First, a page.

I had several people who I considered my Mentors as I grew up. There is one guy who was my Mentor for my career, his name was Mickey Palmer.  I had just graduated college in 1983 with a BS in TV Broadcast and my first career job was working for Phil Arms Ministries in Pasadena, TX. I say career job since immediately after graduating went out to the shipyards to work on Towboats and Barges until I was offered the job later in the summer of 1983 at Phil’s. When I left the shipyard work, I had been out there since early high school and all through college. I spent a total of ten years working on tug boats and barges.

One of the first things we did at Phil Arms was to build a TV truck since we took the multi camera system on the road for high school stadium crusades. This was the second TV truck I had taken part in building. I had worked as an intern at NASA the summer of 1980 and one of the many thing I did there was to help build two TV trucks that were used to video the Shuttle landings. One truck went to Edwards Air Force Base and the other one went to White Sands Missile Range in New Mexico. At Phil Arms, we had a four camera system with two 1 inch machines. Our truck had an on board generator for times when we did not have access to power. One time I was having problems with hum bars in the video signal when on generator power so I knew we needed some type of power conditioner. I had lots of experience with generators on tug boats but clean power was not really an issue on the boats. I asked around to find someone who may know what I needed to do for power conditioning and Mickey’s name came up several times as the ‘Best Video Engineer in the city of Houston’.

Mickey was a video engineer who worked many large and highly visible projects, starting with designing and building the NBC studio across the street from NASA on top of a hotel in Houston during the Space Race Days. When the latest news of what was happening during the Gemini and Apollo missions were broadcast from Houston, the video feed most likely came from the system he designed and built. When I called Mickey about our truck generator problem, he was very personal and professional on the phone. When I described my issue, I told him about my experience with generators on the boats. His whole persona changed immediately when I mentioned having worked on tugboats. He said excitedly that he also worked on tugboats when he was in high school. We hit it off as good friends that day. Later that week he came out to look over the TV truck and gave me some good advice which cured the problem we were having. Mickey invited me to lunch and we talked more about working on tugboats than we did about TV Engineering. He found out I was also car guy since my Corvette was at the truck. He told me about his 1964 Mustang so then we had another common thing to talk about; cars.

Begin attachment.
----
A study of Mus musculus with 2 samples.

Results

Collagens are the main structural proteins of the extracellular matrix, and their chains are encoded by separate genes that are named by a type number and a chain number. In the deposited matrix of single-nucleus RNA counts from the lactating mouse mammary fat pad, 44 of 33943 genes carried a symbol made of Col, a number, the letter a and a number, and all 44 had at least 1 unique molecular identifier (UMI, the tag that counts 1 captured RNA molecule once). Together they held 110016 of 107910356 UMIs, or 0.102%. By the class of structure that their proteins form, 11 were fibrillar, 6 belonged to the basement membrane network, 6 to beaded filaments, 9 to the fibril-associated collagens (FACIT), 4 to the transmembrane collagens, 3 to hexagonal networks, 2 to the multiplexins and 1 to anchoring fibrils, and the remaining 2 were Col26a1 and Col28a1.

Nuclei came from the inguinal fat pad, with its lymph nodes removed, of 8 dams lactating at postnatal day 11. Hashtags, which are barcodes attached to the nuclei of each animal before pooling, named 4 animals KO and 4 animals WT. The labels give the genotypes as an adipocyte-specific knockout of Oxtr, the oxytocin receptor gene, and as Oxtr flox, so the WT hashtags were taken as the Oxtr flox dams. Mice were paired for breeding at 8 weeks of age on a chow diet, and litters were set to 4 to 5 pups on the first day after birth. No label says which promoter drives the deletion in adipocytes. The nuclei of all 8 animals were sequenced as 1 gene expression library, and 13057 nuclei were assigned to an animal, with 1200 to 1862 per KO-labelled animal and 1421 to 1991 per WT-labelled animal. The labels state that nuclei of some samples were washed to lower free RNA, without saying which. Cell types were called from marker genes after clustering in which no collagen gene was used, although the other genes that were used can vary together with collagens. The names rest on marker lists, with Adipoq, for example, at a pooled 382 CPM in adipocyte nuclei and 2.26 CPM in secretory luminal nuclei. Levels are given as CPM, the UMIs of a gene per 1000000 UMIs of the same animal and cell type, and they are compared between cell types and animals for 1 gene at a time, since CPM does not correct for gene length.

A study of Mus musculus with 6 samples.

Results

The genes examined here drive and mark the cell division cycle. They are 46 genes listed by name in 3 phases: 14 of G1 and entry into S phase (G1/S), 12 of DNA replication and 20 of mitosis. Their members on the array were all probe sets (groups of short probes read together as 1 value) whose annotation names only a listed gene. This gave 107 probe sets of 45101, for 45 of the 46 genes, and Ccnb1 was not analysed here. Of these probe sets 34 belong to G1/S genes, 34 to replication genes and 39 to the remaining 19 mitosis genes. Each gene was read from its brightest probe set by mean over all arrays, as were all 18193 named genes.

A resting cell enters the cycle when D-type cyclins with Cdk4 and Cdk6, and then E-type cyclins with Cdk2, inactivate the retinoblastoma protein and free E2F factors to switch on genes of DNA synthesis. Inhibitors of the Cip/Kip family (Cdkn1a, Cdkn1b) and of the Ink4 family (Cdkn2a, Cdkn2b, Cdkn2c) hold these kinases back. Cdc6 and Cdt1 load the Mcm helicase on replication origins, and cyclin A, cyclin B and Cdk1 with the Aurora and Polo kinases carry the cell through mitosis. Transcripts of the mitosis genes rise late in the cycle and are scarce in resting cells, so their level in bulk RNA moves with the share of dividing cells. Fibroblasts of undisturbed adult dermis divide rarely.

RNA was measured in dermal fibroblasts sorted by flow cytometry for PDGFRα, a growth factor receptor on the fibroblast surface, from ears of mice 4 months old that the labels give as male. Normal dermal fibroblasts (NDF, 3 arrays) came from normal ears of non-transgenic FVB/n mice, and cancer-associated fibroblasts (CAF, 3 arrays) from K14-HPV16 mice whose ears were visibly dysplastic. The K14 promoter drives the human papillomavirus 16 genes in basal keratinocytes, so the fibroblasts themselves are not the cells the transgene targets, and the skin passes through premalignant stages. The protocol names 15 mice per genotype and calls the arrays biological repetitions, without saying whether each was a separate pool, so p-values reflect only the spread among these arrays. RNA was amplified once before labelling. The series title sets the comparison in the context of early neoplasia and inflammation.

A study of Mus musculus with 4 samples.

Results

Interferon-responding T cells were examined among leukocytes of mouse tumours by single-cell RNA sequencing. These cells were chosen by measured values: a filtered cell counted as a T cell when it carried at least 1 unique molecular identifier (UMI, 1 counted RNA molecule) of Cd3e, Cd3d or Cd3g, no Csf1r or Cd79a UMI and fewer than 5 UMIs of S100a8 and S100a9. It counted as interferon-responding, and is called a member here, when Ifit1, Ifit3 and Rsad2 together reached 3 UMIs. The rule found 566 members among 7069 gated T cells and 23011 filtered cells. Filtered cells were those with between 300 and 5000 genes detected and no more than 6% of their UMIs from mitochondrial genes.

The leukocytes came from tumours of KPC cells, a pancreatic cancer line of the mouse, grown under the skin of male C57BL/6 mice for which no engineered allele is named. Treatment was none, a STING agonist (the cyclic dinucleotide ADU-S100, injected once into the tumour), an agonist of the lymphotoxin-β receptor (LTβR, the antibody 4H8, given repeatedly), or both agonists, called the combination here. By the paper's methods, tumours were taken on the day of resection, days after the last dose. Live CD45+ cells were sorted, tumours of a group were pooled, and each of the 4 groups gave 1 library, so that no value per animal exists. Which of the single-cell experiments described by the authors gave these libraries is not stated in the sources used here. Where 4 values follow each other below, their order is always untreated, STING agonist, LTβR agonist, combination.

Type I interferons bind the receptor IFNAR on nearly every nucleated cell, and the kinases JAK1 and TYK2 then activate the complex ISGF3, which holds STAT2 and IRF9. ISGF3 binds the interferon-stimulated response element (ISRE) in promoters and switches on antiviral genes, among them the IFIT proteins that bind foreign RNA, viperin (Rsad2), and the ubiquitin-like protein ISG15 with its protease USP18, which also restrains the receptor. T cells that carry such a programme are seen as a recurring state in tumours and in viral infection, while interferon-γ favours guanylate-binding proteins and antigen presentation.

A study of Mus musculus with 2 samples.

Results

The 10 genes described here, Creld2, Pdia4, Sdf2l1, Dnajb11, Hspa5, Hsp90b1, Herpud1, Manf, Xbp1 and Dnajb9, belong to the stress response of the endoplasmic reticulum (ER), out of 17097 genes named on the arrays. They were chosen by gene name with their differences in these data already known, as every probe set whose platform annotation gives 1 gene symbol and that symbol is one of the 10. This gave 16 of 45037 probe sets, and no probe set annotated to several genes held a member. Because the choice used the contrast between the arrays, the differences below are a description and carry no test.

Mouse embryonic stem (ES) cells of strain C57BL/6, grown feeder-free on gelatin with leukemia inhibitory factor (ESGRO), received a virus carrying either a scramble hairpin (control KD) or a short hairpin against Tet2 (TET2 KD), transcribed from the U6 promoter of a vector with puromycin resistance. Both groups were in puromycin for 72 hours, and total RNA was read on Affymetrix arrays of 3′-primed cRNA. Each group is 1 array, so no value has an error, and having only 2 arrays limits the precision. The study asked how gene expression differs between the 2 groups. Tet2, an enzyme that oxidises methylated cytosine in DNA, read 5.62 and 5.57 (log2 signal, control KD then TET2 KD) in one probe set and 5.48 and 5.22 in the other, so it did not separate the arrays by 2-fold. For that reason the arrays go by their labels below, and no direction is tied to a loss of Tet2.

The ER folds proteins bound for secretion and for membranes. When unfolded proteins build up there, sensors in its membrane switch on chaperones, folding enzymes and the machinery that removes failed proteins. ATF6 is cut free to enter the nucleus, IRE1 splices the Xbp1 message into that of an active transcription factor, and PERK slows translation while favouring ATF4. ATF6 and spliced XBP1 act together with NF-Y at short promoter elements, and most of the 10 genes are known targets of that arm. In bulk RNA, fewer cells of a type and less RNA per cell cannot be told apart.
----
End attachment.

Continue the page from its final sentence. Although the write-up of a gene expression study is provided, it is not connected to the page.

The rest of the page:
As the years went by and jobs changed, I always kept up with Mickey. I would call him from time to time and he would call me. Many times I would stop by his shop just to talk.

When I started working at Second Baptist in Houston in 1990 as their TV Editor then as their Chief Engineer, I would call on Mickey for TV projects. He taught me how to design complex video systems and how to install and integrate broadcast systems. We hired Mickey to do the system design and be the Project Manager to replace the TV System in 1996. We did a complete tear out and rebuild of the TV system at the Woodway campus. I learned a lot about systems design and installs that year.

Mickey started to restore his 1964 Mustang in the late 1990’s. We had sort of a rivalry going since I was into Corvettes and he was a Ford guy. One time he stopped by to pick me up for lunch and I asked him what he was driving. He would not say. As we walked to the parking lot he finally tossed me his keys and I noticed they were GM keys. I was shocked that he was driving a GM car since he was so vocal about how he did not like them. He stopped in front of a yellow Corvette and asked did I want to drive or should he. I could not stop laughing since he had always made fun of my Corvette.

For many years, Mickey was responsible for the Houston Rodeo video system that fed broadcasts and recorded the rodeo. The Houston rodeo is a huge event every year that lasts for a couple of weeks. There were a few times he would call me and offer some rodeo tickets so I could go out there to see his latest TV System creation. One time he gave me four tickets so I could take my family to the rodeo. When I left Second in 2004, I lost track of Mickey and I really missed our conversations. A couple of years ago he sent me a friend request on Facebook out of the blue. I have to say, that made my day when I saw that! The only communication we had these last few years was over Facebook. I wished we had met up for lunch somewhere.

Mickey passed away last week on May 31st. I will miss our conversations and teasing each other over our cars. He was a good friend and Mentor.